How does a leader pick the right person when all candidates appear to be equally qualified?

This is a common question posed to leaders; but it’s one that has no answer.

The question is flawed; it’s based on an incorrect assumption.

It assumes that two candidates can be equally qualified.

The fact is that no two individuals are “equally qualified”; no two people possess identical capabilities in terms of creating value for the organization.

The question assumes identical academic achievements in the same discipline (never happens); equal experience (never happens), equal skills (never happens) and equal potential (never happens).

If a leader can’t choose because they are unable to see the the differences in individuals , they’re failing in their role.

If they do not have the insight necessary to break down common stereotypes in people, they are unlikely to be able to develop amazingly successful teams.

For those leaders who have difficulty seeing the differences in people these are the necessary actions to take.

Usher yourself out

Leave and seek another opportunity if you can’t see the difference in people. Because if you stay you are likely to make bad people decisions and rob your organization.

The right thing to do is own up to your leadership deficiency and leave.

Ask more detailed questions of the candidates

Ask questions that probe their DNA. I was hiring a VP Marketing and the candidate had a history of Greek dancing. I asked why it mattered to the marketing leadership position and how they would apply the dancing skill to the position he was applying for.

His answer was threaded with skills like creativity, spontaneity and risk taking which were helpful in painting a picture of what he was all about.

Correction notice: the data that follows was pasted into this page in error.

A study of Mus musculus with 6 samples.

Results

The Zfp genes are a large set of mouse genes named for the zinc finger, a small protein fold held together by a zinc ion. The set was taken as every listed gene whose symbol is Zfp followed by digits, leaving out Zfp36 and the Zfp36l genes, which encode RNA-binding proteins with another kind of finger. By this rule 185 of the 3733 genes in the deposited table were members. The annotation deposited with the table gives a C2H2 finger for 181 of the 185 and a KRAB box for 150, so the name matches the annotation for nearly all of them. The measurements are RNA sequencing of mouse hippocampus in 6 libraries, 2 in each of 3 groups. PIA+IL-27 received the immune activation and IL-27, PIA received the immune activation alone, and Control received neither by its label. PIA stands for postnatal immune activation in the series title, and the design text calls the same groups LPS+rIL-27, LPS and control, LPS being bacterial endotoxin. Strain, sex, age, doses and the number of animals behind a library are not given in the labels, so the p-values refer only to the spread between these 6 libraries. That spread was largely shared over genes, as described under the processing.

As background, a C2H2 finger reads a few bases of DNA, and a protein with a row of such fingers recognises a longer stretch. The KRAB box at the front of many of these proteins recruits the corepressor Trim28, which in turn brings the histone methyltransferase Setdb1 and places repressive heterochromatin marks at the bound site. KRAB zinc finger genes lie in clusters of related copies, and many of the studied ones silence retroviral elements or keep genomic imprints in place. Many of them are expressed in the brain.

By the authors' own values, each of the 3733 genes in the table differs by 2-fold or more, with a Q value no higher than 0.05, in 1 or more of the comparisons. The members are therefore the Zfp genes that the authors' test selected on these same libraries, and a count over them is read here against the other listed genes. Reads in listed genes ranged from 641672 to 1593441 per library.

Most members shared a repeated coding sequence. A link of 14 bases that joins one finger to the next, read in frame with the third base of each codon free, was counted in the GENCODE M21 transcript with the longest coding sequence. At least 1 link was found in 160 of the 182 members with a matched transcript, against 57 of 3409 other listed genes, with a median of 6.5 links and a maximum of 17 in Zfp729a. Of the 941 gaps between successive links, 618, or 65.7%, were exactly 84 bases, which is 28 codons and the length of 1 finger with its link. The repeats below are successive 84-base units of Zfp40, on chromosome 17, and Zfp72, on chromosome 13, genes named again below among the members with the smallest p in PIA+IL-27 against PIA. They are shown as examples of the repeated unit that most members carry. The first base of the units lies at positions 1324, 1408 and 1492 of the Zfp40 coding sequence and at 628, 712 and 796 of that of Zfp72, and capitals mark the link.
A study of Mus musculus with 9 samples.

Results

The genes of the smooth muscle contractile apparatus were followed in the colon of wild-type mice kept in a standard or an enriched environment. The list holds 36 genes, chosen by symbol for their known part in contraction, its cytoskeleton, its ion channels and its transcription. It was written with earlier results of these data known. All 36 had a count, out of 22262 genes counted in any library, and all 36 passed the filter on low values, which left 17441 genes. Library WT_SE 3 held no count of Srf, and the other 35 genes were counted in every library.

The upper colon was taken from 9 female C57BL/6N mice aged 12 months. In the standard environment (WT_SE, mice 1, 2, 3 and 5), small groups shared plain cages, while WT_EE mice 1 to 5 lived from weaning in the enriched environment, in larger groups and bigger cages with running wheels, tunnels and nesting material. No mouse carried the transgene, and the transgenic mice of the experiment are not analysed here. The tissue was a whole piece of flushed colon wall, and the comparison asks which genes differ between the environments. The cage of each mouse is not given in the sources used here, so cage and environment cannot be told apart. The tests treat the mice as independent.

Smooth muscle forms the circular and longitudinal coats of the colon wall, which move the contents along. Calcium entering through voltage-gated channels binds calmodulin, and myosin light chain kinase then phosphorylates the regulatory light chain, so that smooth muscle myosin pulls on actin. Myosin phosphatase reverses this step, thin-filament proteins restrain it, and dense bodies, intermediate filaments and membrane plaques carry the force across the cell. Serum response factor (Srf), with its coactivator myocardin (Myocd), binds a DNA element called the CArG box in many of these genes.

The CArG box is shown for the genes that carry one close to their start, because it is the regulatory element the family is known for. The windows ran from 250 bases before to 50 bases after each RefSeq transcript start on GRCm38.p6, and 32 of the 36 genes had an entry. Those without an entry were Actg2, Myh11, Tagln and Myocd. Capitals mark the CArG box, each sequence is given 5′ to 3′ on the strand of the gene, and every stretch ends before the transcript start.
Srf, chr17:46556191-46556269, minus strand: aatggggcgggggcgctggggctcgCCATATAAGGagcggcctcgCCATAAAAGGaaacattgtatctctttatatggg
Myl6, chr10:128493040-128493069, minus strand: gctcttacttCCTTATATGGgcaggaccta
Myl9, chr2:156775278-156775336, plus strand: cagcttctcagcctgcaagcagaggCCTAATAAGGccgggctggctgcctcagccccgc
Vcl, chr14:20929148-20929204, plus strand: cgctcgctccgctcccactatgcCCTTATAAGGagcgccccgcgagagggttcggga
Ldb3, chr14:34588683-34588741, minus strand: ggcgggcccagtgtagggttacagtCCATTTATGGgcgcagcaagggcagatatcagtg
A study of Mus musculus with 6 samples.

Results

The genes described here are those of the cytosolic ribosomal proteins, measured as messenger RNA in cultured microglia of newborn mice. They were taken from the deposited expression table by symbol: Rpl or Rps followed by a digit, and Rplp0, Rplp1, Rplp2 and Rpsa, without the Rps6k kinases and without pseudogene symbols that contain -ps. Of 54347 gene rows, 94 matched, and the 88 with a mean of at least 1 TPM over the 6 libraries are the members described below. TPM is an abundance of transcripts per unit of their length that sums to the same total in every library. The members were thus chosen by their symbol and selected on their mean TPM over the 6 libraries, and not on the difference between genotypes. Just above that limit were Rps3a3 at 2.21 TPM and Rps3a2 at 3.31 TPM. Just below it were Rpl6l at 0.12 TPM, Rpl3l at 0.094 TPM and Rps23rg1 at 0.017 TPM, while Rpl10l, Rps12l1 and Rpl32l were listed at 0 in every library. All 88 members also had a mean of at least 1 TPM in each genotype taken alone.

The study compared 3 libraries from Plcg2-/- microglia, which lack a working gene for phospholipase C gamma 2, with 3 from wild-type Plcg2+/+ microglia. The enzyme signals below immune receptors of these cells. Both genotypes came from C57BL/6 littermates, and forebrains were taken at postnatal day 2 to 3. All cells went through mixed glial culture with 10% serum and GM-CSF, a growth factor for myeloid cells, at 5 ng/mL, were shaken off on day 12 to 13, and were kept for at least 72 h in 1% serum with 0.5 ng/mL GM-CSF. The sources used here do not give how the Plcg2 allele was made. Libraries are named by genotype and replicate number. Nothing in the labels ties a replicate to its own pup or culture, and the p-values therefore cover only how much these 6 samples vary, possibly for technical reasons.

You can’t discover differences in people if you don’t probe in detail how their skills and experience could be applied specifically to the job in question.

Insist that they ask you the top 3 questions on their mind as a candidate

This will tell you what they think is important (and how well they prepared for the interview) and how well they can focus on the few things that are truly important.

I would frame the question this way: “If I make my decision to hire you based on 3 questions you feel are vital to ask me, what would they be?”

This question separates the ramblers from those that can pinpoint their interests in a few words — good to know; the crowd has difficulty doing this.

Test their understanding of your company

Ask tough questions on your products and services, main competitors, strategic partnerships and financial performance to see if they have done their homework.

I would ask each person to rate themselves on a scale of 1 to 10 on how well they think they understood our organization and the priorities it had — amazing how you can spot the bullshit.

Truly committed candidates will have thoroughly researched your organization and will standout from others you are interviewing.

Related: 3 Proven Ways to Catapult Your Career out of the Herd

Ask them “If you were to be hit by a bus and killed what would you be remembered for?”

And ask for a one word answer. What THEY define as their special redeeming value is critical information to test whether their is a fit between the candidate and the values of the organization.

Ask “What do you mean?” questions based on their one word reply to bring out what they specifically mean answer. Most replies tend to be high level and vague — “I think I will be remembered for my generosity” which tells you little about the actions they would take (and the values they live) to be generous.

Have more than one person engaged in the interview

It could be a peer but it could also be a high potential junior level manager who would gain from the experience of sitting in.

I used to invite who I considered high potential employees to sit in on candidate interview for positions more senior than theirs.

They were blown away by the trust I gave them; they returned my trust with creative questions that reflected a more inclusive view of what the organization deemed important.

Ask them what they learned from their grandmother

Grandmothers have amazing life smarts that are unmatched by most others and represent an amazing source of mentorship.

Discover what your candidates have learned about life that can be traced back to an old soul who has forgotten more life lessons than most of us will ever learn.

Individuals who can see the wisdom in experience have much to offer, and will show themselves as different from their “equals”.

Recruiting top talent is an incredibly tough job. Don’t make it even more difficult by assuming any two candidates are equally qualified.

Your job as leader is to discover their differences and select the one whose unique attributes exactly match the needs of the organization.

If you don’t see the inequality between candidates, look closer; dig deeper.